Redskins new culture is more than talk

WASHINGTON — The Redskins carry with them more than a four-game winning streak into the Sunday’s NFL playoff game against the Packers at FedEx Field. Talk of a new culture at Redskins Park appears to be more than just talk, and a foundation for success long term is being put in place.

There is more to this Redskins team than just making the most out of the division dubbed the NFC-least because of the poor records of most of its teams. The Redskins 9-7 record hardly impresses, but the way the team secured the division title does.

While there were doubts on the outside, there was belief and determination inside the Redskins.

The summer ended with a change in quarterback from Robert Griffin III to Kirk Cousins, and the fall started like most falls around here with more questions than answers. Six weeks into the season the Redskins were 2-4 and Cousins’ six touchdown passes were countered by his eight interceptions.

From the outside it was the same old Redskins. Inside the Redskins locker room, the talk was of the future and not the past. The final 10 weeks of the season were not easy for the Redskins. There were ups and downs in results, but not emotions.

Even in defeat there was calm and confidence, especially from the quarterback Kirk Cousins, who broke the team’s record for passing yards set by Jay Schroeder in 1986. Cousins also is the first Redskins quarterback since Jurgensen in 1970 to lead the NFL in completion percentage. Additionally, he finished the regular season with 29 touchdowns passes, only two shy of Jurgensen’s franchise record.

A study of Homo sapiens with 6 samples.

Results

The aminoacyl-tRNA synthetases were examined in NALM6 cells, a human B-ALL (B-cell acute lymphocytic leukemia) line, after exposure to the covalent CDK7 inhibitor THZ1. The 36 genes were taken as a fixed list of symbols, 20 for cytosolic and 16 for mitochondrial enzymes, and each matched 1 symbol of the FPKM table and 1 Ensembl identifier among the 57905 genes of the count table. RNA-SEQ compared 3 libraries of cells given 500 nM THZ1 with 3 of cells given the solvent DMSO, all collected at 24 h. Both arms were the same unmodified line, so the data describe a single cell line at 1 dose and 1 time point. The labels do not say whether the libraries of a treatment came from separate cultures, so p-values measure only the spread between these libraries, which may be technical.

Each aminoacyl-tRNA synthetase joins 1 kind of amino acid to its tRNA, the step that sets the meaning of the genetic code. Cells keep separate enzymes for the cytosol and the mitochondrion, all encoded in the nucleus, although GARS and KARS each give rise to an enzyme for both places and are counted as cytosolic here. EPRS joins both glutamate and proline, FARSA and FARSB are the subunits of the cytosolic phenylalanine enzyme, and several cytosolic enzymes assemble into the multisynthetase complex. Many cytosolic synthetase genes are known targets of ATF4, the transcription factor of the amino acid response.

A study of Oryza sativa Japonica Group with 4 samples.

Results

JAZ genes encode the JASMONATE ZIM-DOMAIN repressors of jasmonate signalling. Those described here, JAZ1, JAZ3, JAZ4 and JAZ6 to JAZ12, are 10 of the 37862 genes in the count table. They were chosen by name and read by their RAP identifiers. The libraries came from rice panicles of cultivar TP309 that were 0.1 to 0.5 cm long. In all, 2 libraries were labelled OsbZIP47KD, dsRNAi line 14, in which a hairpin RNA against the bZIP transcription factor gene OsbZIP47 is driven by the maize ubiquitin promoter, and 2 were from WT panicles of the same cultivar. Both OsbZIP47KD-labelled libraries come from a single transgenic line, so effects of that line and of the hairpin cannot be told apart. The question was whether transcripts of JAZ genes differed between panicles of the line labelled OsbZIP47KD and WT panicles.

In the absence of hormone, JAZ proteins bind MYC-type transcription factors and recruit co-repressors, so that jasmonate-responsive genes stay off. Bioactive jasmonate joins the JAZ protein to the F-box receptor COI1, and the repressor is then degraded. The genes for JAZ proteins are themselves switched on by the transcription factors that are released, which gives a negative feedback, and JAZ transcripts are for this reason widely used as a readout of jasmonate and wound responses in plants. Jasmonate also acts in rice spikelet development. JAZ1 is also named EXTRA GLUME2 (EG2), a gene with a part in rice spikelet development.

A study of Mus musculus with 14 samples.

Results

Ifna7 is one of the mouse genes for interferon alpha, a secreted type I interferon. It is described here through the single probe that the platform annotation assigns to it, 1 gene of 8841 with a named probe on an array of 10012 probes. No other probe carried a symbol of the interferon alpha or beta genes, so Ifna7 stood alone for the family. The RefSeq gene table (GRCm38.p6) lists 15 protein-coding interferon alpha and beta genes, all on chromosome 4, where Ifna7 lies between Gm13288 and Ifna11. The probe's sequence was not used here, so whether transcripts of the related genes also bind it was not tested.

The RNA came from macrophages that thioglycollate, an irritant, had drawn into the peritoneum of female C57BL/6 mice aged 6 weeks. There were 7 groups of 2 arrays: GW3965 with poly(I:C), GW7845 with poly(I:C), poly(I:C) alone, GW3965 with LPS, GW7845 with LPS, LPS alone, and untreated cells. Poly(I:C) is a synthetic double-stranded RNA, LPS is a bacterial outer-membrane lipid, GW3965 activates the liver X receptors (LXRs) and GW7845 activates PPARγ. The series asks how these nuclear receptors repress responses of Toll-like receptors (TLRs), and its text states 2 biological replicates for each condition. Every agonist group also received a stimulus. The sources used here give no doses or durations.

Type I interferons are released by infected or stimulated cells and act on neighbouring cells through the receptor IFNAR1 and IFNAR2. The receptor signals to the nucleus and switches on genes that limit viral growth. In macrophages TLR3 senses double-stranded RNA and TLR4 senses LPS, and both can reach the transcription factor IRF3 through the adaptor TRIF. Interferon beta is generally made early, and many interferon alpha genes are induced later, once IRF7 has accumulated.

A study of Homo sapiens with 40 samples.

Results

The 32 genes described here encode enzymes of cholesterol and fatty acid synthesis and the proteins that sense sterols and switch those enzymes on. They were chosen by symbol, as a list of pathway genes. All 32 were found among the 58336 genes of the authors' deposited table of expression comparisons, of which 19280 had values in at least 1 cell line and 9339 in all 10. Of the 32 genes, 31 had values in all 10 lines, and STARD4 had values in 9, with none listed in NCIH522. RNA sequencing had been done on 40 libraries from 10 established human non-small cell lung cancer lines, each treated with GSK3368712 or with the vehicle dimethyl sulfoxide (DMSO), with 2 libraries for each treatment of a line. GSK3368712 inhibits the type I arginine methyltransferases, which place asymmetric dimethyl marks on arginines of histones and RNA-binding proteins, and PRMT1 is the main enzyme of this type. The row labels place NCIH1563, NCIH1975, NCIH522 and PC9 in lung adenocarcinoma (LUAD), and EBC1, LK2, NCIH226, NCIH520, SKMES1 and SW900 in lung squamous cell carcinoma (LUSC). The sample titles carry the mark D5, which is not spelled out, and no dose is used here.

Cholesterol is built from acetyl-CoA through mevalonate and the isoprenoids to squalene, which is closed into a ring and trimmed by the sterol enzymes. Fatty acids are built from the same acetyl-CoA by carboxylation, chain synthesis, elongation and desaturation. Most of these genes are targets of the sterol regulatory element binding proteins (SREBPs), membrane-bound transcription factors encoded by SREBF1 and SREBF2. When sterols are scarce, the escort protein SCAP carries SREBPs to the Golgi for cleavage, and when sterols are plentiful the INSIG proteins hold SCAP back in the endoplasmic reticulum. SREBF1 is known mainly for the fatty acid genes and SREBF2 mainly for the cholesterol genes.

Head coach Jay Gruden believes Cousins in his words “is going to be a good one.” But unlike the last time the Redskins made the playoffs in 2012, this team is about more than one hot quarterback and that should mean more than one playoff appearance.

Dave Johnson

Dave Johnson is Senior Sports Director and morning sports anchor. He first arrived at WTOP in 1989, left in 1992 and returned in 1995. He is a three-time winner of the A.I.R. award as best radio sportscaster in D.C. In 2008 he won the Edward R. Murrow award for best writing for sports commentaries.